Recipe: Hummus


Here’s my recipe.

2 cups chickpeas (also known as garbanzo beans), boiled, and skins removed
juice of one lemon
1 tablespoon or more tahini (sesame paste)
2 cloves of garlic
salt to taste
1/2 teaspoon paprika
1/4 teaspoon cayenne pepper
olive oil 
Garnish: 6-12 whole chickpeas, paprika, olive oil 
If using dried chickpeas, just make sure to thoroughly cook them first. You can speed up the cooking time by soaking them overnight in cold water. Remove the skins after cooking by simply putting them in fresh water and rubbing the beans between your fingertips. They'll slide off and float the top. If the skins are still on, it's not a big deal, as the recipe will still turn out just fine.

In a food processor, grind down the chickpeas, lemon juice, and tahini until it starts to turn into a chunky paste. If you don't like the taste of raw garlic (I'm not a fan of it), you can slice or chop the garlic first and sautee it lightly in a small pan with olive oil. Otherwise, rough chop it and add it to the food processor, along with a pinch of salt, and the paprika and cayenne pepper. Blend it again, and then with the motor running, add a few tablespoons of water, then olive oil until you get the consistency you want. (To reduce the fat and calories, just use more water and less olive oil.)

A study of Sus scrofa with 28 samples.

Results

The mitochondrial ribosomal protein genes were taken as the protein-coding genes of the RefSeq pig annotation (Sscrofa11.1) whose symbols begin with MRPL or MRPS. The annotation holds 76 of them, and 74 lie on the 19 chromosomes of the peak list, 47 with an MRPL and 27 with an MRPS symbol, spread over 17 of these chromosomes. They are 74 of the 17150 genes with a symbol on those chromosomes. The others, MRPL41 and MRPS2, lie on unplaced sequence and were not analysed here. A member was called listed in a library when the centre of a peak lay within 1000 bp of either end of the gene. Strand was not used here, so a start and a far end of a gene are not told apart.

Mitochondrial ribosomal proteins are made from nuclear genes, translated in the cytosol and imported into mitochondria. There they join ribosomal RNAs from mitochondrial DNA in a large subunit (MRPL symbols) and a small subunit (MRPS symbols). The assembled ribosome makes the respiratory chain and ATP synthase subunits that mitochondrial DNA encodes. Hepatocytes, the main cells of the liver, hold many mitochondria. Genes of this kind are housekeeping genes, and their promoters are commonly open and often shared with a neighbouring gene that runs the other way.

Serve room temperature or slightly warm, and garnish with a few whole chickpeas, a dusting of paprika, and a good glug of olive oil.

This recipe is entirely flexible. You can add any other ingredients and flavorings that you like, such as roasted red peppers, sun dried tomatoes, more garlic, more lemon, lemon zest, olives, parsley, even almonds. Hummus keeps in the refrigerator more than a week.